Textron (NYSE:TXT) earnings came out Wednesday, and as you can probably tell from the "green" ticker, investors received them warmly. Despite revenues being down, and earnings along with them, Textron earnings still came in at $0.40 per share, and that was enough to beat estimates by a couple of pennies.
But was it enough to justify investors bidding up the shares today? That's what we're here to find out. In Q2 2013, Textron reported:
- Sales from manufacturing operations of $2.8 billion, down 5.3% year over year
- Slightly worse revenues once finance operations were factored in, down an even 6%
- Net income from continuing operations of $0.40 per share, down 31%
Among the company's several business segments, the Textron systems and industrial divisions performed best, growing revenues 8.5% and 6%, respectively. Cessna and the Bell helicopter division saw lower revenues -- leading Cessna in particular to report a $50 million loss for the quarter, a reversal from last year's $35 million profit.
Perhaps the worst news of the day, though, is the reversal in cash production. Textron consumed $274 million in negative cash flow during the fiscal second quarter. After subtracting a further $113 million spent on capital investments, the company was left with total negative free cash flow of $387 million -- again, a reversal from the year-ago positive free cash flow numbers, and focusing on manufacturing operations alone (i.e. not counting cash-burn from the finance division, free cash flow was "only" negative $362 million).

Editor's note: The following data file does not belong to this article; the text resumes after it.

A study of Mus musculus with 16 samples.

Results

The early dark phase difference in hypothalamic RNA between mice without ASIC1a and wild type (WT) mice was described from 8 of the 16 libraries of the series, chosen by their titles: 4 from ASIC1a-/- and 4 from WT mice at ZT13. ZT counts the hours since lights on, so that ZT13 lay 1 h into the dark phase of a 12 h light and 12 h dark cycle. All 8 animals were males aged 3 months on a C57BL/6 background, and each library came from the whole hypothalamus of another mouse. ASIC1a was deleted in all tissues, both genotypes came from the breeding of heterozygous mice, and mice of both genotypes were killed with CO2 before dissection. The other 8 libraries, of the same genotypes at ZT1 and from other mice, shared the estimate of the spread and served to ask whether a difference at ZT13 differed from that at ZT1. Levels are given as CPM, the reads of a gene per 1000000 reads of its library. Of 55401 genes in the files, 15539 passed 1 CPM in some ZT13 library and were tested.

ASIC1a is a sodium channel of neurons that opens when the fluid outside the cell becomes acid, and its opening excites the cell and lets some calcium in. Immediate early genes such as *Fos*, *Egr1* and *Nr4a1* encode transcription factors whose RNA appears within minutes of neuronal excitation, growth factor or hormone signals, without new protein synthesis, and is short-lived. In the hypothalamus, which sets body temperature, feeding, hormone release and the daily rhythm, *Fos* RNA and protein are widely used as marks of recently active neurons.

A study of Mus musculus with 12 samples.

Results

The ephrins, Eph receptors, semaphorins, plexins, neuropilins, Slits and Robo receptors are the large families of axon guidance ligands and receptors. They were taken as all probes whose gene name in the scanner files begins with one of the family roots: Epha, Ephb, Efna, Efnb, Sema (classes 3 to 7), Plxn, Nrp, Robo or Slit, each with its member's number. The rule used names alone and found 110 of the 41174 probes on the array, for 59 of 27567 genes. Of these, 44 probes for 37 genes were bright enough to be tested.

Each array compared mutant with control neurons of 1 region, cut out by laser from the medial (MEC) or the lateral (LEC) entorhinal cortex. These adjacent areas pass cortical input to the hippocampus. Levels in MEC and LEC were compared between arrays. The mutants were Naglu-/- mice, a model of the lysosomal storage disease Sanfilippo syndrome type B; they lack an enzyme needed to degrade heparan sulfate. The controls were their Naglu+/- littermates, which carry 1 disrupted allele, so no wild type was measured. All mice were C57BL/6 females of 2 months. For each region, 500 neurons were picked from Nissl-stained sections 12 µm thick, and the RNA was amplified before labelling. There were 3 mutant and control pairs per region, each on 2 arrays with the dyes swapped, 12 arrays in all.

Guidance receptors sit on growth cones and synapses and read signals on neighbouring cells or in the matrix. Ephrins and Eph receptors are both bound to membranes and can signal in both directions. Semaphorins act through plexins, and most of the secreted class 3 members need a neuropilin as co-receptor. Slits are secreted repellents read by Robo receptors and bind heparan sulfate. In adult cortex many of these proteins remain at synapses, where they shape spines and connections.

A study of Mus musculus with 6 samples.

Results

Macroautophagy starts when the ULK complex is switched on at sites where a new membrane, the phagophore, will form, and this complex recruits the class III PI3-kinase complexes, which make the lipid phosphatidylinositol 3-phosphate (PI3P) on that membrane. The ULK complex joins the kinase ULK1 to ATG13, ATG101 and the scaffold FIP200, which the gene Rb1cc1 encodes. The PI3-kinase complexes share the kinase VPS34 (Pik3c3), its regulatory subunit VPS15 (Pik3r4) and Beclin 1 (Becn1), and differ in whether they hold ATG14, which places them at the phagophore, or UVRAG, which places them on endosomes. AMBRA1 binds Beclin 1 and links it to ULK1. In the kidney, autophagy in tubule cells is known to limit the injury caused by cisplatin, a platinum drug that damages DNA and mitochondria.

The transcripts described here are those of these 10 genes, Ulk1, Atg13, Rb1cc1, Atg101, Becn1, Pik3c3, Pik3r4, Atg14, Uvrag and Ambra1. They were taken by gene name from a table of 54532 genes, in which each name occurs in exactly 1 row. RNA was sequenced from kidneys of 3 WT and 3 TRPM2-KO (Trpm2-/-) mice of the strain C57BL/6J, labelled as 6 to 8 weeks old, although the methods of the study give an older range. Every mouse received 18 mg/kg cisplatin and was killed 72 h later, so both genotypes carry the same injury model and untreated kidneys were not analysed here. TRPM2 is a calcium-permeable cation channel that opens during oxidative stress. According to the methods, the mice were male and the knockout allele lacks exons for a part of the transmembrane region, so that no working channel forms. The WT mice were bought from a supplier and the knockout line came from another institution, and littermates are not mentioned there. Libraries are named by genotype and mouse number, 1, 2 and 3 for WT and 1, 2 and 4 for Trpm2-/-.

In short, there's a lot to hate in the Textron earnings report. When you tally up losses to date, Textron has burned through some $787 million in total negative free cash flow so far this year. So why are investors still buying Textron shares rather than selling?
In part, it's probably the company's comments that order trends at Bell remain "strong", while growth is said to be "solid" at Textron systems and industrial division. But if you ask me, the real reason investors are sticking by Textron can be summed up in one word: promises.
Its performance so far notwithstanding, Textron continues to promise investors that it will reverse its cash-burning ways in the second half of this year, and end 2013 with positive manufacturing free cash flow (before deducting cash injections to the pension fund) of $400 million -- in essence, management is saying that it will do about $1.187 billion better in the second half of the year than it's done in the first half.
Personally, I'd prefer to see performance. With Textron shares costing upwards of 14 times earnings today, and with Textron earnings growth estimated at 10% over the next five years, the stock simply costs too much to take management's promises at face value.